5 Tips to Help Improve Reading Comprehension in Primary Students
- Elizabeth Hayley
- 07 Apr 2018
- 0 Comments
A child may be able to read words perfectly and yet struggle to understand the meaning behind sentences and stories – in other words, they may struggle with reading comprehension. As you know, reading comprehension is a vital skill, so try following these five tips to help your students learn.
- Teach Connections
Children learn by example, so try showing students how to make connections. As you read, talk about your own recollections and answer some of your own questions. You’ll be teaching them how to make those crucial connections.
- Ask Questions
Reading comprehension is rooted in active reading – instead of simply letting the words flow through their minds, children need to actively understand what they’re reading. To prompt this process, try asking questions aloud as you read. You don’t always need to frame these as questions a child needs to answer – any kind of question will help underline the need to read actively and look for clues.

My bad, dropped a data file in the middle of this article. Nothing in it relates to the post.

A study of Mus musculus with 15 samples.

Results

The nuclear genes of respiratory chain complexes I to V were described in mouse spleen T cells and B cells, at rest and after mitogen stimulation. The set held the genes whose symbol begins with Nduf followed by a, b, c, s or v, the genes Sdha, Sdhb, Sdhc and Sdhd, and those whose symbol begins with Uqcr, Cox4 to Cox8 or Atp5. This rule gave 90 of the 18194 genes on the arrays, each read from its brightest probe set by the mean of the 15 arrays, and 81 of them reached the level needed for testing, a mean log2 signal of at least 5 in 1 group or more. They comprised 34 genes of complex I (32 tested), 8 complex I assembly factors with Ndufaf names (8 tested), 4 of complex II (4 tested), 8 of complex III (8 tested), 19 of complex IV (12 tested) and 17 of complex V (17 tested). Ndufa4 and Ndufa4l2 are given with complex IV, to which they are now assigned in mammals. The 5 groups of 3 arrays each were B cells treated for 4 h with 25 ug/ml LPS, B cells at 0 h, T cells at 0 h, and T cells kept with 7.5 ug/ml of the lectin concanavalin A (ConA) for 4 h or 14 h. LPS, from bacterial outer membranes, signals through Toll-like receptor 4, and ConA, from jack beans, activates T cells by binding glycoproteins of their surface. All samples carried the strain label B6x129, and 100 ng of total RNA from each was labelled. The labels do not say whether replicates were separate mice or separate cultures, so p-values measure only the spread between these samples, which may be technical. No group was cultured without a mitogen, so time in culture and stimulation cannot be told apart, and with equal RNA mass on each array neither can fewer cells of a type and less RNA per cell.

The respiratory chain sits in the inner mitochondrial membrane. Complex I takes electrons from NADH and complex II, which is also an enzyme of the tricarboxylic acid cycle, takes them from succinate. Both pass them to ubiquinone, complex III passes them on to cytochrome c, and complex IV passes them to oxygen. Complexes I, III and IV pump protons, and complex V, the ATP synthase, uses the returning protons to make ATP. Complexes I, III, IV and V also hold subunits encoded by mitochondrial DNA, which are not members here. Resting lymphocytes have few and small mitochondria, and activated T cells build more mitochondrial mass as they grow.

- Pick Key Points
If a student is having trouble with reading comprehension, it helps to have just one or two central points picked out before you start reading. For example, you might think about what a character is doing and why they are doing it. This helps focus a student’s attention and creates a foundation for future learning.
- Use the ‘Click and Clunk’ Method
When something ‘clicks’, it means your student understands it. When something ‘clunks’, it means they didn’t understand. As you read aloud, prompt your student to hold up their hand when something clunks and keep it down when things are clicking. It might sound a little silly, but it’s a great way to determine exactly where a child is losing the thread of things.
- Use Teaching Packs
It’s perfectly possible to use nothing more than the written text and your own teaching skills to teach reading comprehension, but that’s no reason to avoid additional resources. Several teaching packs are available to help younger students improve their reading comprehension, so why not take advantage?